September 7, 2016
Joseph and Fulton with book

Michael Joseph, left, and Thomas Fulton, right, with a book from the J. Milton French Library.

J. Milton French

Portrait of J. Milton French by David French, via RUcore.

Paradise Lost

This third edition copy of Paradise Lost is on display now at Alexander Library alongside other materials from J. Milton French's collection.

If ever there lived an aptly named individual, that individual was Joseph Milton French.

French—or “Milton,” as he was commonly known—was an internationally acclaimed scholar of John Milton and an early president of the Milton Society of America, which named him honored scholar of the year in 1956. His magnum opus was the Life Records of John Milton, published in five volumes by Rutgers University Press from 1949 to 1958.

Throughout his 20-year tenure as an English professor at Rutgers, French spearheaded the university’s efforts to acquire rare or original editions of the Eikonoklastes, divorce tracts, and other works, as well as companion materials such as fine facsimiles of Milton’s manuscripts. By the time he retired in 1960, he had successfully laid the foundation of Rutgers’ Milton collection, in part through donations of his own personal items. Today, it is regarded as among the top five such collections in a public academic library.

However, when French passed away in 1962, a large portion of his legacy as a collector—his extensive private library of rare books, which he had begun assembling in 1928 and which was built upon after his death by his son David—was to remain sequestered from the world for more than 50 years.

But now, at long last, this library has come home to Rutgers.

Earlier this summer, thanks to the collaborative efforts of French’s grandchildren, Sarah and Robert, and through the diligence of professor Thomas Fulton of the English Department, the majority of French’s personal library was donated to the university. Comprising over 200 volumes published mostly between 1600 and 1800 in addition to 17th-century manuscripts by Milton’s contemporaries, it features a veritable who’s who of writers from the period—Ben Jonson, Jonathan Swift, Henry Fielding, and of course John Milton, to name just a few.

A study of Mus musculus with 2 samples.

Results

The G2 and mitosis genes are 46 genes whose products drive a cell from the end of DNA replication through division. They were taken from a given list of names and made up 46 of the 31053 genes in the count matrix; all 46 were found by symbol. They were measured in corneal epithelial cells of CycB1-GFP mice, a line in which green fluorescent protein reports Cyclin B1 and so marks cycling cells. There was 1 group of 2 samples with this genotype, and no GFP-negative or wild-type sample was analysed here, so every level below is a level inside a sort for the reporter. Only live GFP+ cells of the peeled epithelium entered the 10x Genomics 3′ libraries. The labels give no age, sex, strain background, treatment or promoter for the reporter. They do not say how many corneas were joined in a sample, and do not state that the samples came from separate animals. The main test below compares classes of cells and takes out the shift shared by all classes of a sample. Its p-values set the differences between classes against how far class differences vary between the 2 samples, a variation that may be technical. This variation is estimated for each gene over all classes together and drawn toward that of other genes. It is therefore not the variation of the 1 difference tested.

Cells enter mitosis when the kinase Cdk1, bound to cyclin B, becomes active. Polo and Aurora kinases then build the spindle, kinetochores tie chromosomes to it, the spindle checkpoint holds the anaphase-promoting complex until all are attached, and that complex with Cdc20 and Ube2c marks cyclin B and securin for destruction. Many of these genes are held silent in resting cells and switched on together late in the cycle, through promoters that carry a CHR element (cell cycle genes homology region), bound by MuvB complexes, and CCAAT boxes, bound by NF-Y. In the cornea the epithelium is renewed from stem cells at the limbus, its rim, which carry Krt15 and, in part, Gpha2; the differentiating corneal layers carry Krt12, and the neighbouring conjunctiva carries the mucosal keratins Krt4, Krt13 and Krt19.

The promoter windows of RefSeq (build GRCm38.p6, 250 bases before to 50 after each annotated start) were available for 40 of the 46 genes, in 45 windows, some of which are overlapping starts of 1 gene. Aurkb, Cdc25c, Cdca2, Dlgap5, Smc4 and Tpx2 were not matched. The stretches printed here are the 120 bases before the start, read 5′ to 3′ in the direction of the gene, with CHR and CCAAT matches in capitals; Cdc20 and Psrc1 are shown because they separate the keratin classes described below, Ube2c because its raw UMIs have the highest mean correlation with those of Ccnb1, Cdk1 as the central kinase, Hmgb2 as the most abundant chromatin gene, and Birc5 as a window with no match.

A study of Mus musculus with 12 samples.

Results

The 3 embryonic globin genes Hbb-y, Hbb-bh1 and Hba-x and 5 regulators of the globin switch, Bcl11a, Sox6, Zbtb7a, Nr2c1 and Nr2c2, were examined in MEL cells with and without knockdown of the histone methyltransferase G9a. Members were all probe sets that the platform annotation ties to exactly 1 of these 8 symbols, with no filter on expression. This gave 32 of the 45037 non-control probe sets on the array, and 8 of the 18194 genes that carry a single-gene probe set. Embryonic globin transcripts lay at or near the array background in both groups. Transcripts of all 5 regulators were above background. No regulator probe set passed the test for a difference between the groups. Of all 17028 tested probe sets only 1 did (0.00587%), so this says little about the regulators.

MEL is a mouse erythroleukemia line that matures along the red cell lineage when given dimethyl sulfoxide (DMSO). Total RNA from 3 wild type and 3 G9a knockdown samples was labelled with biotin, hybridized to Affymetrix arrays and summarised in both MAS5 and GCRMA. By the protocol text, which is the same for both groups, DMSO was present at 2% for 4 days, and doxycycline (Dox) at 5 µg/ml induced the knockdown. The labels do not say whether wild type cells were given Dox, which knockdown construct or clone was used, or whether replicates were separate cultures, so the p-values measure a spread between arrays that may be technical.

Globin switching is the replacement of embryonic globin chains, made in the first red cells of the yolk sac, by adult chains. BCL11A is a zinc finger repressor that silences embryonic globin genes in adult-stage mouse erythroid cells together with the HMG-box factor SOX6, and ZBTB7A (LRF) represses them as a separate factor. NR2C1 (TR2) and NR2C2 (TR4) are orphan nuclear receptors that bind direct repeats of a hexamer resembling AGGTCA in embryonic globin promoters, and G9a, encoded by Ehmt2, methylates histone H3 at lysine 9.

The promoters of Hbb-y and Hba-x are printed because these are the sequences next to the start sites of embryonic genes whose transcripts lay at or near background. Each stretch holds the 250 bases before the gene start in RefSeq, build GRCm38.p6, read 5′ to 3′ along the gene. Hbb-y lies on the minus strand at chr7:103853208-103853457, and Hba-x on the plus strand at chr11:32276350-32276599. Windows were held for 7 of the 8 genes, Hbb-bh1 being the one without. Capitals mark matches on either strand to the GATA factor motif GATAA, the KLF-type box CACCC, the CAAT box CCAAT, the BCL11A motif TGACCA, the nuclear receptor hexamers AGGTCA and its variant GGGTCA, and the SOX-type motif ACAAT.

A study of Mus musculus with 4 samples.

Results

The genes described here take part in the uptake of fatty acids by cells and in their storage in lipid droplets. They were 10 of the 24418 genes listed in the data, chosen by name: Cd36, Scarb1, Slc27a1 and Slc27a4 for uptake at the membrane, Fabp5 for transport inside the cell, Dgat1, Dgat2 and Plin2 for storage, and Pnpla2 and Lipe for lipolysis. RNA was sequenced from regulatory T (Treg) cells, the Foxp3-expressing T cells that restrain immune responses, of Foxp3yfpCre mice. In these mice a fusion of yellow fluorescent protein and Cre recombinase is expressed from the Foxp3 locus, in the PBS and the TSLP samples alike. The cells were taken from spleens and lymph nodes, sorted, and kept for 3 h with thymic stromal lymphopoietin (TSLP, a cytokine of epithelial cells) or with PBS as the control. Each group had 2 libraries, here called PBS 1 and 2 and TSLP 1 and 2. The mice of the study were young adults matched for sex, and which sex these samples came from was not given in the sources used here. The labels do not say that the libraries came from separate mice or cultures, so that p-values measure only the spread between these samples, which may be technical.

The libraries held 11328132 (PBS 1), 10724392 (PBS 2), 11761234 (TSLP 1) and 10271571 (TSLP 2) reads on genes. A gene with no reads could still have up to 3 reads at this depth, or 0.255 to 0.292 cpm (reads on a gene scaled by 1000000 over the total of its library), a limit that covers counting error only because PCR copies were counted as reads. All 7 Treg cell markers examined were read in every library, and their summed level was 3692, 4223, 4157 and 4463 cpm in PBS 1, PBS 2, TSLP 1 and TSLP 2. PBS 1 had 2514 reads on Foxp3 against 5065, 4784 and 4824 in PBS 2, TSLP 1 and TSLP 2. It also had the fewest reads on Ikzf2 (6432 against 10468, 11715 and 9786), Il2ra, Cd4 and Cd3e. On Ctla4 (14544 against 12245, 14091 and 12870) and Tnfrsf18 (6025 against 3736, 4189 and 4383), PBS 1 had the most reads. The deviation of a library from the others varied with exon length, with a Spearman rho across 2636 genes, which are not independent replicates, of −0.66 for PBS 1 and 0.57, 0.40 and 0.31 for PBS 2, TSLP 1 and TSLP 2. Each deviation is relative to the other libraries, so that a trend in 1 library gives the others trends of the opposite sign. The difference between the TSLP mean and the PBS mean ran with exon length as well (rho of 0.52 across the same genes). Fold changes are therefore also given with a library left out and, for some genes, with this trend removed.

Many of the 30 Milton titles published during the 16th and 17th centuries are titles that were not previously held by Rutgers. “Even the duplicates are wonderful in that they give bibliographers and book historians the opportunity to study edition copies side by side to check for state changes,” said Michael Joseph, rare book librarian at Rutgers. “This donation unites two parts of the J. Milton French library and thus gives a fuller picture of a 20th-century early modern scholar’s library and collecting interests.”

The gift also helps strengthen Rutgers’ already impressive holdings of English literary material and 17th- and 18th-century books. The 1637 poems by Michael Drayton supplement the university’s collection of Elizabethan poets, which includes Shakespeare’s second folio and a second quarto of Merchant of Venice, as well as Jonson’s first and second folios. The six books by John Dryden, a pivotal Miltonian poet, include three titles new to Rutgers, while the several dictionaries will be welcome additions to the Edward J. Bloustein Dictionary Collection.

The breadth and depth of the collection make it invaluable to anyone at Rutgers with a scholarly interest in the history of the book. “Handling and studying these books will enable students of today and the future to gain a deeper, more meaningful sense of the mechanisms by which people found and expressed value in the human experience for the last 500 years,” said Joseph.

The books will be housed in the rare book collections at Alexander Library and given special cataloging by a rare book cataloger. It’s a particularly involved process as each record must include notes on a book’s binding, illustration, and provenance in addition to the usual identifying information.

“A few books have 17th-century armorial bookplates, and one, a 16th-century text, has an armorial binding, which is a real rarity in our collection. Some have interesting edge treatments—gilt, speckled, and even marbled edges,” explained Joseph. “All of these details have to be recorded because the artifact may be as historically valuable as the text it contains. Contemporary bindings on books by Jonson and Milton, for example, tell us about the reception of these works and the cultural frameworks in which they were read and interpreted.”

Before being made available to users, a conservator will ensure that every volume receives appropriate care and that acid-free wrappers and enclosures are constructed for fragile or damaged volumes.

The gift is being celebrated first by way of Homecoming! Some Highlights from the Library of J. Milton French, a case exhibit on display now at Alexander Library.